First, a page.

Both chambers of the North Carolina legislature have passed a bill that would allow residents with a concealed handgun permit, to carry their gun into bars and nightclubs that serve alcohol. If Republican Governor Pat McCrory signs the bill into law, North Carolina residents will be able to carry concealed handguns into the state’s bars and nightclubs, unless those clubs expressly prohibit admitting anyone with a concealed handgun. Guns, alcohol and crowds of people under the influence, what could possibly go wrong?
Surely somewhere Wayne LaPierre is smiling and thinking to himself, “the only thing that stops a drunk guy with a gun, is a drunker guy with a gun”. Of all the things the North Carolina lawmakers could have been thinking, one wonders why the idea that bars and night clubs need more guns was one of them.
After all, the bill was passed on the one month anniversary of the shooting death of 22-year old Alejandro Alavarez who was murdered outside Skandalo’s Nightclub in Charlotte, when an ordinary fight escalated into the fatal shooting. Nine days earlier, Cedric Miller was shot to death outside Duke’s Nightclub, also in Charlotte. Earlier in the year Paul Anthony Fyffe Jr. was shot and killed outside Club 935 in Charlotte. In April an altercation turned deadly in Wilson County, North Carolina when Christopher Barnes shot and killed Travis Hilliard and wounded Antonio Montreal outside Oscar’s Lounge with a 9 mm handgun. In February, one man was fatally shot and three others wounded at the Nitty Gritty Restaurant and Nightclub in Winston-Salem. At least, three of the four men were shot inside the club, while the fourth may have been wounded in the parking lot.
A Goldsboro strip joint, Teaser’s Night Club, had its alcohol permit pulled by the North Carolina ABC Commission late last year after a fatal shooting in the rest room. The club also had a previous shooting incident which occurred inside the bar in 2011. In May of this year, three people were shot and wounded inside the Boom Boom Room nightclub in Elizabethtown. An April shooting at Flyer’s Bar in Havelock claimed the life of Todd North, an ex-Marine who served as the head of Security for the bar. North was killed trying to prevent a teenager who had been thrown out of the bar earlier from returning. Though North was armed and able to return fire he apparently failed to connect while his assailant delivered a fatal bullet wound to North during the altercation.
In a shooting that began as an argument between two woman over a man, Krystal David opened fire in a Smithfield Sports Bar that seriously wounded four bystanders. Like most of the nightclub shootings in North Carolina that incident took place in the early morning hours, when people who have been drinking all evening are most likely to be fortified with alcohol and poor judgement. The lethal cocktail of guns and alcohol is now being served, pending the Governor’s signature, courtesy of the North Carolina legislature, despite the fact that the state has already had multiple fatal night club shootings in 2013.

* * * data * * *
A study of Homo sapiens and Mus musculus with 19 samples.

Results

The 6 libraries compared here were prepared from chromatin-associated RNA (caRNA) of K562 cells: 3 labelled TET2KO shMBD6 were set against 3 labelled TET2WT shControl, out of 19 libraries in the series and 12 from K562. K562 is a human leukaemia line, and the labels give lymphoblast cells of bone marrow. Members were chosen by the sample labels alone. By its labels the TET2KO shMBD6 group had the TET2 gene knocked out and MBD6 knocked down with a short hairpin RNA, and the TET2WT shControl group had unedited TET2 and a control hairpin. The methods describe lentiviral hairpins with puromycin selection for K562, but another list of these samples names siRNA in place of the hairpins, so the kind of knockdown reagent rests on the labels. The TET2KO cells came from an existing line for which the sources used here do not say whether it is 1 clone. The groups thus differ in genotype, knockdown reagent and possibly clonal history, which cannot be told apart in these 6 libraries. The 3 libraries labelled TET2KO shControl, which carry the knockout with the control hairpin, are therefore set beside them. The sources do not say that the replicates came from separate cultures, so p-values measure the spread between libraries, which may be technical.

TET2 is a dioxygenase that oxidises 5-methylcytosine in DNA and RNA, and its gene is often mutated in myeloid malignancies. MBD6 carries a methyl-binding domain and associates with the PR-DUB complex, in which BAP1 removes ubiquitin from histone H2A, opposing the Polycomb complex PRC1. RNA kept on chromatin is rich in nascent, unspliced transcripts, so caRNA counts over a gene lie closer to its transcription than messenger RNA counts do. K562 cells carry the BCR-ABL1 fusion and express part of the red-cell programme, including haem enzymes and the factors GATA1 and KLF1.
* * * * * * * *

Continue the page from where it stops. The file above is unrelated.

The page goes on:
Despite this series of murders, North Carolina’s Republican dominated legislature has decided that allowing more guns in bars is actually a good idea. While lawmakers have argued that permit holders are not a threat because they have passed gun safety courses, one has to wonder how many of them passed those courses after powering down a six-pack of beer and a couple shots of Bourbon. Alcohol impairs judgment and allowing bar patrons to carry guns is a recipe for more arguments and fist fights to become deadly gun battles.
In addition, the Charlotte Observer found that in Mecklenburg County alone, sixty convicted felons hold legal handgun permits including five who were convicted of armed robbery, three who were convicted of manslaughter and one that was convicted of second-degree murder. Over two hundred permit holders in the county had drug crime convictions. If Pat McCrory signs the bill into law, these convicted felons will be legally permitted to carry a concealed handgun into a bar in North Carolina.
In the same bill, the legislature also permits guns on playgrounds, at parades and in funeral processions. Perhaps, gun owners have reason to be especially pleased with the right to carry at a funeral procession, because after a Saturday night at the club goes awry, they may find themselves attending a funeral for a fallen buddy. After your friend gets gunned down after a bar room brawl turns deadly, the best way to honor him is to bring a gun to his funeral. You had just better hope they are not serving alcohol.